MATH 1113. Pre-Calculus (4-0-4) Prerequisite: MATH 1111 with a grade of "C" or better or an appropriate math placement score. This course is designed to prepare students for calculus, physics, and related technical subjects. Topics include algebraic and transcendental functions and an intensive study of trigonometric functions.
MATH 1125. Applied Calculus (3-0-3) Prerequisite: MATH 1111 with a grade of "C" or better, MATH 1113 with a grade of "C" or better, or an appropriate math placement score. Introduction to limits and continuity, differential calculus of algebraic, exponential, and logarithmic functions and integration. Applications in the fields of the behavioral, biological, and managerial sciences are included. (Course fee required.)
MATH 1131. Calculus with Analytic Geometry 1 (4-0-4) Prerequisite: MATH 1113 with a grade of "C" or better or an appropriate math placement score. Topics include exponential and logarithmic functions, introduction to limits and derivatives, computation and application of derivatives, and the definite integral. (Course fee required.)
MATH 1132. Calculus with Analytic Geometry 2 (4-0-4) Prerequisite: MATH 1131 with a grade of "C" or better. Topics include the definite and indefinite integrals, improper integrals, techniques of integration, applications of integration, and infinite sequences and series. (Course fee required.)
MATH 1165. Computer-Assisted Problem Solving (3-0-3) Prerequisites: MATH 1125 or MATH 1131 with a grade of "C" or better. Classes may be taken concurrently. Problem solving using contemporary technology such as graphing calculators, spread sheets, and computer algebra systems. Topics may include interpolation; linear regression; elementary differential models; and an introduction to the fundamentals of computer algebra systems, including manipulation of lists, sets, data structures, functions, plots, and program control structures. (Course fee required.)
MATH 2125. Introduction to Discrete Mathematics (3-0-3) Prerequisite: MATH 1113 or MATH 1131 with a grade of "C" or better or a satisfactory math placement score. Topics include logic and proof, sets, functions, algorithms, the integers, matrices, mathematical reasoning, induction, recursion, counting, discrete probability, relations, graphs, trees, and Boolean algebra. (Course fee required.)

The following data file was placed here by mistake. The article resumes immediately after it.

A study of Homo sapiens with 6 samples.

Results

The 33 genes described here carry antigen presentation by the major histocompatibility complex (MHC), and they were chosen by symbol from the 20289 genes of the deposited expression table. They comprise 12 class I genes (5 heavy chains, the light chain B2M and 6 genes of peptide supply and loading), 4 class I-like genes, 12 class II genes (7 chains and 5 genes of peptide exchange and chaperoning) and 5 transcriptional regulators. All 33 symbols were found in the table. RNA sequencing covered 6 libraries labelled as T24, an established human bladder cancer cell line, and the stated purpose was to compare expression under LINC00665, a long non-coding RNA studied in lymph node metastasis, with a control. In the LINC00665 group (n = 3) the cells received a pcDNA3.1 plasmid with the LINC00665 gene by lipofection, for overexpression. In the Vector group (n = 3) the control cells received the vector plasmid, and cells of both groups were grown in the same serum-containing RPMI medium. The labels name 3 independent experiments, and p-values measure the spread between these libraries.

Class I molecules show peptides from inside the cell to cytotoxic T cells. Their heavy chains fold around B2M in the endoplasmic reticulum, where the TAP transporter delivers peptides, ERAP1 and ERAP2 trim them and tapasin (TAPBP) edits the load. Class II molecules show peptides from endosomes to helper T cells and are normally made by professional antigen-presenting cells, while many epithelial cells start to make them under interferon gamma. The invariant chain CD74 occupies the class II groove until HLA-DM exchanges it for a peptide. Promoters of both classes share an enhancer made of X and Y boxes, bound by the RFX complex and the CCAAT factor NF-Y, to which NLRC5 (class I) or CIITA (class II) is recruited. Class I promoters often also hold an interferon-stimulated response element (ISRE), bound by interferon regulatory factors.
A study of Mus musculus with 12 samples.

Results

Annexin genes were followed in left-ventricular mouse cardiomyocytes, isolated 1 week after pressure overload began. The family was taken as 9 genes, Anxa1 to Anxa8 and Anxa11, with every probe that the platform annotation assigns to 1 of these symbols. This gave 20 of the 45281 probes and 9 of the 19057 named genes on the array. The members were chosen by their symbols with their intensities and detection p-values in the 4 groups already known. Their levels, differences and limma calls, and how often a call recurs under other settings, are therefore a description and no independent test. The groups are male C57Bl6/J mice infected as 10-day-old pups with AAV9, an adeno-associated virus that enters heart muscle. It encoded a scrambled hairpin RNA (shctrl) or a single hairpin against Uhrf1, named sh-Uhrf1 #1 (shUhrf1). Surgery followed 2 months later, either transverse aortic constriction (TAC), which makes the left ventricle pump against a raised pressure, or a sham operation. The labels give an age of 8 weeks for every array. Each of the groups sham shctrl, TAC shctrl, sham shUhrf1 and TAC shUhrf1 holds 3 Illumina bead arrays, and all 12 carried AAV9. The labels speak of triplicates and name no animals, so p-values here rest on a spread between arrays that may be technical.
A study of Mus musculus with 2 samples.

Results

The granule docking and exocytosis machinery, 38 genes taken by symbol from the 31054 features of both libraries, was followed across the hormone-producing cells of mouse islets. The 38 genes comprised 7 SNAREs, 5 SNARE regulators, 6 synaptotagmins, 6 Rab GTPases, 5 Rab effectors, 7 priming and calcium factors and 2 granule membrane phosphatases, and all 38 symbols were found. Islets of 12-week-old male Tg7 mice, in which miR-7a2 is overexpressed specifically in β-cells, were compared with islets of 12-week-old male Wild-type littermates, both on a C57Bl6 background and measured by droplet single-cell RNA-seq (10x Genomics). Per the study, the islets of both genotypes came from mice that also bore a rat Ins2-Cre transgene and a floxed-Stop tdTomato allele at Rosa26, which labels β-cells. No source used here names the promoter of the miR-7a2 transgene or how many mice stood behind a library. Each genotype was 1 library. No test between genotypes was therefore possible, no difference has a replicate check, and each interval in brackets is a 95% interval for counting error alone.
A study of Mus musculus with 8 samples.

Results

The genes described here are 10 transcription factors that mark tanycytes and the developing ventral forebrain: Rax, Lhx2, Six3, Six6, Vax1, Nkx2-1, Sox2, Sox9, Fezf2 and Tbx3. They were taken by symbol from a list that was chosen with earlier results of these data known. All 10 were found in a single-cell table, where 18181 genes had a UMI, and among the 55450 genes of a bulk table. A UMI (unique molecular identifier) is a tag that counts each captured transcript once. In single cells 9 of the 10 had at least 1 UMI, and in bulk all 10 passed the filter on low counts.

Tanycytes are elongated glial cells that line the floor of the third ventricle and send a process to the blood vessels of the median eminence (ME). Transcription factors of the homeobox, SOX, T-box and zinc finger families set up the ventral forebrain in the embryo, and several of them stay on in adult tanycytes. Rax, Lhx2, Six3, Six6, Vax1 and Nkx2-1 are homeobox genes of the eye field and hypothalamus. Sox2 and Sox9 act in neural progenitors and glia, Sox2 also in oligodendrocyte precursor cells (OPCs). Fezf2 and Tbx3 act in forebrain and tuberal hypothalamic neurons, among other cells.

PHIL 2500. Formal Logic (3-0-3) An introduction to contemporary techniques in logic with special attention given to deductive models and decision methods. Emphasis is placed on the application of logic to argument analysis, problem solving, foundations of mathematics, science, and computer science.
STAT 1401. Elementary Statistics (3-0-3) Prerequisite: Satisfactory score on math placement exam or completion of any of the following courses with a grade of "C" or better: MATH 1001, MATH 1101, MATH 1111, MATH 1113, MATH 1125, or MATH 1131. This is a non-calculus based introduction to statistics. Course content includes descriptive statistics, probability theory, confidence intervals, hypothesis testing, and other selected statistical topics.
CPSC 1105. Introduction to Information Technology (3-0-3) This course provides an introduction to computer and information technologies. It discusses the nature of information, computer hardware, software, communications technology, and computer-based information systems. The theory is complemented by practical work aimed at gaining basic proficiency with different types of widely used application software. (Course fee required.)
CPSC 1301K. Computer Science 1 (3-3-4) This course includes an overview of computers and programming; problem solving and algorithm development; simple data types; arithmetic and logic operators; selection structures; repetition structures; text files; arrays (one-and-two-dimensional); procedural abstraction and software design; modular programming (including sub-programs or the equivalent). It includes a lab component that provides hands on projects to apply and reinforce the topics covered.
GEOG 2215. Introduction to the Geographic Information Systems (3-2-4) Geography 2215 is the first course in the Geographic Information Systems sequence. This course introduces students to the art and science of Geographic Information Systems (GIS) and related geospatial technologies, geographic analysis, map communication, and geographic inquiry. In the course, students will learn about the major components of Geographic Information Systems, including the hardware, software, people and data needed to make these systems useful.